New heights had our heads in the clouds

OK, hands up; who spent at least part of New Year's Eve talking up the prospect of a prosperous 2006 and toasting a fun-filled trip to the end-of-season play-off final in May? Yes, me too.

OK, hands up; who spent at least part of New Year's Eve talking up the prospect of a prosperous 2006 and toasting a fun-filled trip to the end-of-season play-off final in May?

Yes, me too.

Having pulled themselves to within a point of the play-off places with a fifth successive victory at Leicester, you could hardly blame Norwich City fans for getting a touch carried away as they welcomed in the New Year on Saturday night.

Promotion was back on the agenda. It was time to take a close look at the upper echelons of the Championship table - hitherto dim and distant pastures this season - and assess the opposition.



Which four teams did we think stood the best chance of going into the winner takes all shoot-out come the end of the regular season? Simple: Leeds, Palace, Wolves and, yes, Norwich. Forget the rest; those four, we felt, were far and away the best equipped to secure a place in the play-offs.


By general consensus Preston were comfortably the best team seen at Carrow Road for some time and on Monday's evidence you have to give them every chance of repeating last year's feat and making the play-offs again.

Moreover, it was pretty much evident why a certain Norwich midfielder found himself unable to command a place in the Lillywhites' line-up. It's interesting to note Nigel Worthington has this week made Dickson Ethuhu's transfer move permanent. The issue certainly generated intense debate among the City fans I was sitting with on Monday.

On the subject of transfers, what now of Dean Ashton? What, we wondered, was he thinking as he stood forlornly on the half-way line, hands on hips, waiting for the restart as Preston celebrated their third goal?

Perhaps he was musing over referee Nigel Miller's latest pitiful attempt to persuade the Preston players to return to their own half anytime before next New Year's Eve. Or maybe, just maybe, City's star striker was contemplating his future?

Five straight wins can have only helped the argument for persuading Ashton to stay and help Norwich clinch an immediate return to the top flight. Suffice to say, Monday's drubbing won't exactly strengthen the cause.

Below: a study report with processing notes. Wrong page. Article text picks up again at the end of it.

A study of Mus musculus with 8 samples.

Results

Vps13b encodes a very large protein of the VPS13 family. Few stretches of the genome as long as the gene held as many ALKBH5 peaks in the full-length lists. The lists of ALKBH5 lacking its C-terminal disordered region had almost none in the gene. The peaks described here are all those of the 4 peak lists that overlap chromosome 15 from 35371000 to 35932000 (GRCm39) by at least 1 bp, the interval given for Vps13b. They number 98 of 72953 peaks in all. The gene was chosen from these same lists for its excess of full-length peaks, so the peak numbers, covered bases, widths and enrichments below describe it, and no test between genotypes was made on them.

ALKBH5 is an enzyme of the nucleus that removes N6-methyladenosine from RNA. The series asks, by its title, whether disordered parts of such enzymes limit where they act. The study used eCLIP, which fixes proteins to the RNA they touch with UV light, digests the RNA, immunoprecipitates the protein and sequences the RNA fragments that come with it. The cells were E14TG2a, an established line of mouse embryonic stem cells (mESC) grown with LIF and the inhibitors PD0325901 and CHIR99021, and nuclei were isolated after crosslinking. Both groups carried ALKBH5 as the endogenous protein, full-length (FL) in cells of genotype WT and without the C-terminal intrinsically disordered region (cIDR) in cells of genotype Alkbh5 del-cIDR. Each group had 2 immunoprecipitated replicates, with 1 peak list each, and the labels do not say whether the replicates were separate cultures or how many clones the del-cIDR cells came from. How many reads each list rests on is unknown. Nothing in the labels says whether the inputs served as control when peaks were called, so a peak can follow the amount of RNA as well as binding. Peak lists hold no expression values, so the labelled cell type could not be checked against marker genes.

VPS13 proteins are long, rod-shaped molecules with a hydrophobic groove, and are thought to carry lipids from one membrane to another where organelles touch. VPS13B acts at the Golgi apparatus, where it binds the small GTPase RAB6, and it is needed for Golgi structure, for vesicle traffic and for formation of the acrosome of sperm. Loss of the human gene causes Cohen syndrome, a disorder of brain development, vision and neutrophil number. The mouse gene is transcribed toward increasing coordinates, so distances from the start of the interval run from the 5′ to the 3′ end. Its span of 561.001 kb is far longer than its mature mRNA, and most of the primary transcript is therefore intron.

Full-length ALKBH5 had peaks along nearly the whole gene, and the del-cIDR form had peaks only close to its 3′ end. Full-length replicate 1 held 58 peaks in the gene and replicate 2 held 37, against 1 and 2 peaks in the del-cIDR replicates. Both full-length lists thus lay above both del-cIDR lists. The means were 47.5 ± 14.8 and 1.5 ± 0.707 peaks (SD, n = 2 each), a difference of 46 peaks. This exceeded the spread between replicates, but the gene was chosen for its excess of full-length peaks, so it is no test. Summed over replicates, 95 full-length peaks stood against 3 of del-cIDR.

So, does he stay, or does he go? A circa £7 million pound offer might prove too good to refuse, but of course it's little beer compared to the riches on offer if Norwich can get back to the Premiership at the first attempt. 'If' being the operative word.

Ashton remains the class act at Carrow Road - given the right service, mind. Elsewhere, there remains reasons for optimism. Robert Green appears to have dismissed any talk of leaving; Gary Doherty has become an increasingly impressive lynchpin of a settled defence. A word, too, for the way club skipper Craig Fleming has returned to the back four and shown he still has a lot to offer at this level. Much like Paul McVeigh.

The problem, all too evident throughout this campaign, lies in midfield. Without Youssef Safri, Norwich simply lack sufficient quality to dictate games. We have to hope the Moroccan returns from international duty unscathed.

Nigel Worthington didn't appear unduly concerned by the Preston defeat and in fairness you have to be happy with a return of nine points from four back-to-back games over Christmas.

Equally, the five straight wins before the Preston setback point to what the Canaries are capable of in what is, let's face it, an ordinary Championship.

The play-offs are still there for the taking, especially if Ashton stays. Perhaps we'll have a clearer idea on that score this weekend. If Ashton plays in the FA Cup against West Ham on Saturday it can only be a good sign.

Thereafter, an instant return to winning ways in the league is nigh on critical. History suggests 75 points will secure a top six finish. In simple terms, then, Norwich need another 37 points from their final 18 league games, at an average of two points a game in other words.

It's a big ask. With Dean Ashton there's a chance. Without him, I have my doubts.